This weekend I was able to head back to Angkor Borei for a quick trip with an archaeologist friend to do a little recon work and see how the Angkor Borei museum is doing. We then headed up to see the nearby sites of Phnom Da, Ashram Maha Rosei, and then Phnom Chiso and some magical Yoan (inscriptions). I’ve written a bit about these sites already, so after the jump check out some new photos.
Angkor Borei District Hall that also houses the small local museum
The Angkor Borei Museum primarily contains replicas of famous pre-Angkorian statues (from the Angkor Borei/Phnom Da region) that are now housed in the National Museum in Phnom Penh and the Musee Guimet in Paris. They are some of the earliest and best known examples of Khmer sculpture. It also has a fairly substantial collection of Funan-era ceramics almost all of which were donated by locals who found them on their property.
On the way to the nearby temple of Phnom Da we passed by a portion of the massive wall enclosing Angkor Borei. In 2005, this wall had been cut into by a villager who was going to be building a house and we were able to take a closer look at it. In the few years since then the wall has eroded substantially.
Here’s a closer look at the moat surrounding the city.
Phnom Da hasn’t changed much since I was there in 2005.
The view from Phnom Da is a bit more wet now than it was in 2005.
Ashram Maha Rosei also looking good.
One of the kids who was showing us around was climbing on the temple.
With plenty of time to spare we decided to stop at Phnom Chiso on the way back to Phnom Penh. Phnom Chiso is one of my favorite places in Cambodia. It’s a beautiful location with an amazing view and the Angkorian temple isn’t an abandoned ruin but an active and living temple site. Not much has changed since I was there a few months ago, although the monks or local achaas (អាចារ្យ) have taken to decorating some of the smaller structures around the main temple and installing them with new statues (of Neak Ta??). Here are a few examples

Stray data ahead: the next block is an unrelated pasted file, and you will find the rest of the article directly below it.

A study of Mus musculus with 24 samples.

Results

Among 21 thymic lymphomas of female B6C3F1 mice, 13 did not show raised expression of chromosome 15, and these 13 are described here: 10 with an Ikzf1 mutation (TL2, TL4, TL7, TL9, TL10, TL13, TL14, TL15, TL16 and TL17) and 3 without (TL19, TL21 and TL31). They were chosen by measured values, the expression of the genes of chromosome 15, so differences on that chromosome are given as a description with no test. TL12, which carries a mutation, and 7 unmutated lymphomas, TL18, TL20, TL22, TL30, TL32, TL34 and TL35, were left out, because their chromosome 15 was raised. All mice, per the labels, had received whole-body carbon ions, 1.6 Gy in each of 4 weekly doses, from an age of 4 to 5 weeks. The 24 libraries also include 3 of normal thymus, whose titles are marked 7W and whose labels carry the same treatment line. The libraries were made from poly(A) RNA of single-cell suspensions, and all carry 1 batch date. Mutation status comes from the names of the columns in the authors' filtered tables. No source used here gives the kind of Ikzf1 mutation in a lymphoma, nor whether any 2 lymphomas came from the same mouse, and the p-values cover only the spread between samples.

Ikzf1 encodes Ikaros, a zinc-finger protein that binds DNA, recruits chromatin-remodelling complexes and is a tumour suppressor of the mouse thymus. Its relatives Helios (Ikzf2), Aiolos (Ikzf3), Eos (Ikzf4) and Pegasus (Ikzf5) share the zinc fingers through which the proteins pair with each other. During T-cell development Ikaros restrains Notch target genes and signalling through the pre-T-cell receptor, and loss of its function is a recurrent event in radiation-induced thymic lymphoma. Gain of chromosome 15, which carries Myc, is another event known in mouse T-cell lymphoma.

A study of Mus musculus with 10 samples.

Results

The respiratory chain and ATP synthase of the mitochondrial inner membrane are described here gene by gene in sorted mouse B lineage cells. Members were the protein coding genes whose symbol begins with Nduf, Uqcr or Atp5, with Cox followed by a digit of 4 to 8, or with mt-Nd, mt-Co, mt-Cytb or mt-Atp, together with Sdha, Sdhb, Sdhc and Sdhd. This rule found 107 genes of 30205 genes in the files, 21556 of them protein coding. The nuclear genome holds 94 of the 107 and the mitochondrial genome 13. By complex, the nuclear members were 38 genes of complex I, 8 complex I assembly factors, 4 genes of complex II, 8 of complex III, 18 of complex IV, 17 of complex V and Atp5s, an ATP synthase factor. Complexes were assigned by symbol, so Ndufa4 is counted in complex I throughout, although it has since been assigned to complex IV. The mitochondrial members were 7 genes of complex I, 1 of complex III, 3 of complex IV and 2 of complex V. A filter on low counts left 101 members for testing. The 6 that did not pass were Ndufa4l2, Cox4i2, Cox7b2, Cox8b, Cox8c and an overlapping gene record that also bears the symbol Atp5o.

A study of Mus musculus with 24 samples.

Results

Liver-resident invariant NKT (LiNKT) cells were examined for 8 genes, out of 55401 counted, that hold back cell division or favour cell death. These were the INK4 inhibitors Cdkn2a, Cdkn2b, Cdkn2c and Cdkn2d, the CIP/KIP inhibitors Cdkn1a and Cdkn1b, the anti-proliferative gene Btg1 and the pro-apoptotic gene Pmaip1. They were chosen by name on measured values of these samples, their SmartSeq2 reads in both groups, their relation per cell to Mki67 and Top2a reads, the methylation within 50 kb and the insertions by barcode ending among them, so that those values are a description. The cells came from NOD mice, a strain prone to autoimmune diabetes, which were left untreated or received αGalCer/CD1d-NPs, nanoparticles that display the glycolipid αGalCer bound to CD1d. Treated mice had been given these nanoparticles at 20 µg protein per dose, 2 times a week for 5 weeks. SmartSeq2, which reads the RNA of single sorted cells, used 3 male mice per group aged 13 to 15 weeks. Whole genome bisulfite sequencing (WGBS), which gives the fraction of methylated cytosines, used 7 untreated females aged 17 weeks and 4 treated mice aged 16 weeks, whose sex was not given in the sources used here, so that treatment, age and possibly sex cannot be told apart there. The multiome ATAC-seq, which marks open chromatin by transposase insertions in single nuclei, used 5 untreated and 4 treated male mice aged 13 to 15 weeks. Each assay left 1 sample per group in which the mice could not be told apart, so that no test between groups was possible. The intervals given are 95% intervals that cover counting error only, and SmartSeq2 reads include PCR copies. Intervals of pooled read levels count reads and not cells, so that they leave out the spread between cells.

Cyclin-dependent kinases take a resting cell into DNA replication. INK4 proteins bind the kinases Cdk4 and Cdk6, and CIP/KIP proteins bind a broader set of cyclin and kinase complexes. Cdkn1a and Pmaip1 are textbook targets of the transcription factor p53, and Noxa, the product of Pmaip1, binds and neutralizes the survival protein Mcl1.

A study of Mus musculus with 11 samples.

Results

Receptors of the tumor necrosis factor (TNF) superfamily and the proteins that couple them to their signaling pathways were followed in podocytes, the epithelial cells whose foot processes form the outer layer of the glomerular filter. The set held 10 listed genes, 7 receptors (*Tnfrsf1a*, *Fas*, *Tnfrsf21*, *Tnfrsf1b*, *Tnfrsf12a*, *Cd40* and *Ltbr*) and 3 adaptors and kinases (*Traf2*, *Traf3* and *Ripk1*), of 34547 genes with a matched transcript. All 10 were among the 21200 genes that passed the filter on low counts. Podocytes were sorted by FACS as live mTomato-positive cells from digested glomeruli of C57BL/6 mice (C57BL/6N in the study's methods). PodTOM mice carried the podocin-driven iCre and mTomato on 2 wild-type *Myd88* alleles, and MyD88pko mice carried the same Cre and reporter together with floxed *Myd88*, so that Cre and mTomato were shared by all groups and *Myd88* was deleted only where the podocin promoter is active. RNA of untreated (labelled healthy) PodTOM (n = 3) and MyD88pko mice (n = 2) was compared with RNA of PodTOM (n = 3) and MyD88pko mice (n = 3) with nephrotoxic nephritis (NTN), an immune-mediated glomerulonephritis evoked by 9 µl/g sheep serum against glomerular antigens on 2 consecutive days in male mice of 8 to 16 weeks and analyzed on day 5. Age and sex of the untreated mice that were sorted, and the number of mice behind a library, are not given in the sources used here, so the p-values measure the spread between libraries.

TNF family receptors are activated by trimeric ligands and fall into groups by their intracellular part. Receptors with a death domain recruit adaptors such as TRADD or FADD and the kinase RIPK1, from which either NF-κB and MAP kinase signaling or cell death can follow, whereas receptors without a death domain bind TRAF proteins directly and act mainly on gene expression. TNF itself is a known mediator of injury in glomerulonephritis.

I really like that this guy is holding a teapot
Here’s an ancient Linga that is in the main temple. The achaa said it was part of the original temple
Here’s what the main temple looks like. When we arrived several older men were in there taking their lunch-time naps. Unlike most empty, smelly, cave-like Angkorian ruins, this one is quite cozy!
Buddha statues (hidden) and Vishnu in the foreground at the main temple.
Another very special part of this temple is that the a couple of the achaa make yoan (យ័ន្) which are magical protective drawings/inscriptions on pieces of cloth. The yoan can also be put on other materials such as tattoos on your body or silver. There are some neat photos of a monk drawing yoan on a piece of silver from Erik Davis’ flickr stream here and here. My Khmer language skillz have improved since my last visit so I tried asking them a few more questions. The achaa are very friendly and happy to talk about the temple. One of the achaa had been living there for 7 years. Another, who said he was 71, said he’d been at the temple for a long time and had come there specifically to make yoan. My language comprehension is not so high so that was the extent of my conversation with them.
Here’s what the yoan looked like. They are written in Khmer but one achaa said that some of his were written in Sanskrit. (Although It looks like he was writing Sanskrit words in Khmer script- any one know for sure?)
These only go for $1. Magic is cheap!